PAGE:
CSE 496: Internship/Practicum and CSE 598: Graduate Internship are open to Computer Science and Engineering students only after consultation with their Academic Advisors, who must approve of the internship plans. The objective is to provide students with the opportunity to perform in a real-life work environment and to gain hands-on experience with a company in the field of their major.
In order to get academic credit for an internship, you must register for CSE496 (undergraduate students) or CSE598 (graduate students). A number of people are involved in the registration process. They are:
The people identified above will be identified in the remaining document by their title.
You are responsible for locating your internship opportunity and, in consultation with your Academic Advisor, applying for it. This means that you will need to contact potential internship locations; submit your resume, cover letter and whatever other documentation is required; arrange the interviews, etc. Here is a list of guidelines to help you through the process.
These resources can help you find good internships:
Job fairs are scheduled several times per year.
There are three (3) forms that need to be filled out and submitted (see below for dates of submission) to the Internship Coordinator. You may submit the forms to the Internship Coordinator by:
You can get the forms in a number of ways:
Here are the three (3) CSE 496/598 forms:
International (F-1) students must apply for Curricular Practical Training or Optional Practical Training in order to be eligible for the internship. The ISSS Office is the authoritative source for information on these types of practical training. The forms may be picked up at the ISSS office, 210 Talbert Hall. Processing CPT requests takes approximately 5-7 business days; processing OPT requests takes approximately 4-6 weeks.
You will register for either CSE 496 or CSE 598. Both courses require force registration to ensure that all the necessary forms are filled out and to assist in tracking intern progress.
Undergraduates may register for up to 5 credits of CSE 496; graduate students may register for 3 credits of CSE 598. Each credit of academic work requires a minimum of 3 hours of internship work per week for 14 weeks.
3.0 academic credits
X 3 hours of work per credit per week
9.0 hours of work per week
X 14 weeks
126 total hours of work over the semester.
The maximum number of hours an intern can work during the fall and spring semesters is 20; during the summer semester is 40 hours. The grade for CSE 598 will be S/U; for CSE 496 will be P/F.
President Tripathi stops by to welcome our Fall 2016 incoming computer science grad students!
CSE faculty win awards at the 2015 SEAS Faculty Awards ceremony. Above: Qiao, Alphonce, Rudra, Ko. Below: Xu, Ren, Upadhyaya, Koutsonikolas, Gao.
Another shot of CSE faculty award winners at the 2015 SEAS Faculty Awards ceremony. Wu, Koutsonikolas, Xu, Ren, Upadhyaya, Rudra, Ko, Alphonce, Gao.
CSE undergrads demonstrate technology from the Center for Socially Relevant Computing (CSRC) to newly-accepted students and their parents at the CSE Open House on Saturday, March 23.
CSE graduate students and their faculty advisors present research posters in the Davis Atrium on March 7, 2013.
CSE and Management students compete in the Northeast Collegiate Cyberdefense Competition (NCCC) on Saturday, January 19. UB advanced to the next round of competition, to be held at the University of Maine in March.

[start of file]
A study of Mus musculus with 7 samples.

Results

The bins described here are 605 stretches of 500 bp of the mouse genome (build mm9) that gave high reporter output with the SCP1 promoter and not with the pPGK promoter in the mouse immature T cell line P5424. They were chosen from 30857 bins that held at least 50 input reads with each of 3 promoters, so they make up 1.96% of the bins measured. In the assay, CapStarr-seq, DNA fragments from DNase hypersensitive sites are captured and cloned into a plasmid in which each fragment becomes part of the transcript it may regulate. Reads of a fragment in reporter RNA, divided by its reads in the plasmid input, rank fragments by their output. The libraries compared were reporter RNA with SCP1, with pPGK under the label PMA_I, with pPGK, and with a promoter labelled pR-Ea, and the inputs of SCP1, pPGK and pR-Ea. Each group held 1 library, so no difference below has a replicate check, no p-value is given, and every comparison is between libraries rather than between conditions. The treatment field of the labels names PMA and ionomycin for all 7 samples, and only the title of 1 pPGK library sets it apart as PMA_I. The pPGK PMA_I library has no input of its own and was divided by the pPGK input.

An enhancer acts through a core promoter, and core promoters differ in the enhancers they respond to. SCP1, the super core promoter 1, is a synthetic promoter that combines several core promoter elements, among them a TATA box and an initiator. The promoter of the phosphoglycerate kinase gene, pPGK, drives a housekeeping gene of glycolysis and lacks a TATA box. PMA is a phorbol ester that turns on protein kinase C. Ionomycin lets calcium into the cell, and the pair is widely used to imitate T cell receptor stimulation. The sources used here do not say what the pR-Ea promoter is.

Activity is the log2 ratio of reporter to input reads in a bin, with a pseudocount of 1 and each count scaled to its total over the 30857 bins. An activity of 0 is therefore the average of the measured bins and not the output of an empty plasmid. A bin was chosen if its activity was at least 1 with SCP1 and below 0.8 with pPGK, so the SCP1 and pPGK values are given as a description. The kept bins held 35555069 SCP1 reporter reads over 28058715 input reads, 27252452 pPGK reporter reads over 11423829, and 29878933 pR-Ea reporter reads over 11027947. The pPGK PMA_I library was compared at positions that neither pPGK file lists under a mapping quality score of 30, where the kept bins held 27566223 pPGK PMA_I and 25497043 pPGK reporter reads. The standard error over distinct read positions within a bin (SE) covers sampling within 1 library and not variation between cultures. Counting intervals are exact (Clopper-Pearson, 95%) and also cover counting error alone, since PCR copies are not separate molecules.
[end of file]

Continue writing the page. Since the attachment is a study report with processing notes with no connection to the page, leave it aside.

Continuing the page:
UB's Center of Excellence in Information Systems, Assurance, Research, and Education (CEISARE) received a $1.6 million NSF grant to train students to protect the United States from cyberattacks. »
UB hosted Davis Hall's ribbon-cutting ceremony on May 12, 2012. Pictured (l to r) are: Kamlesh Tripathi, Margaret Jacobs, Jeremy Jacobs, Barbara Davis, Jack Davis, Rajan Batta, George Maziarz, and Harvey Stenger.
Pursuing work on document verification and identification, CSE researchers use machine-learning algorithms to study handwriting variability.
CSE professor Russ Miller is one of the authors of a program that can determine the structure of molecules as large as 2,000 atoms from X-ray diffraction patterns.
CSE professor Aidong Zhang is developing intelligent content-analysis programs to automatically analyze images, replacing human coding of semantic content.
This concept scheme shows Davis Hall, CSE's new $75M headquarters, viewed from the northwest. The edge of Ketter Hall is visible on the right, just east of Davis. UB held the ribbon-cutting ceremony on May 12, 2012.
A geometric algorithm developed by CSE professor Jinhui Xu configures a set of radiation beams to destroy brain tumors in a form of computer-aided surgery.
The CSE faculty includes NSF CAREER award holders; ACM, IEEE, and AAAI fellows; and editors of noteworthy journals.
CSE faculty work with researchers in chemistry, the life sciences, the pharmaceutical sciences, media study, geography, and many other disciplines.
This concept scheme shows Davis Hall, CSE's new $75M headquarters, viewed from the northeast. Ketter and Furnas Halls can be seen on the left, just south of the new building. We broke ground in April 2009.
CEDAR, a CSE-affiliated research center, developed the systems that postal agencies around the world use to automatically sort hand-addressed mail.
CSE's MultiStore Research Group is funded by a $1 million NSF grant for the development of high-performance online data-storage systems.
CSE faculty are major participants in the new $200 million Buffalo Center of Excellence in Bioinformatics.
CSE faculty average some $4.5 million annually in research grants. Our research areas range from high-performance computing to data mining.
Click on the calendar image to view the schedule of planned events.
See a list of current and past events.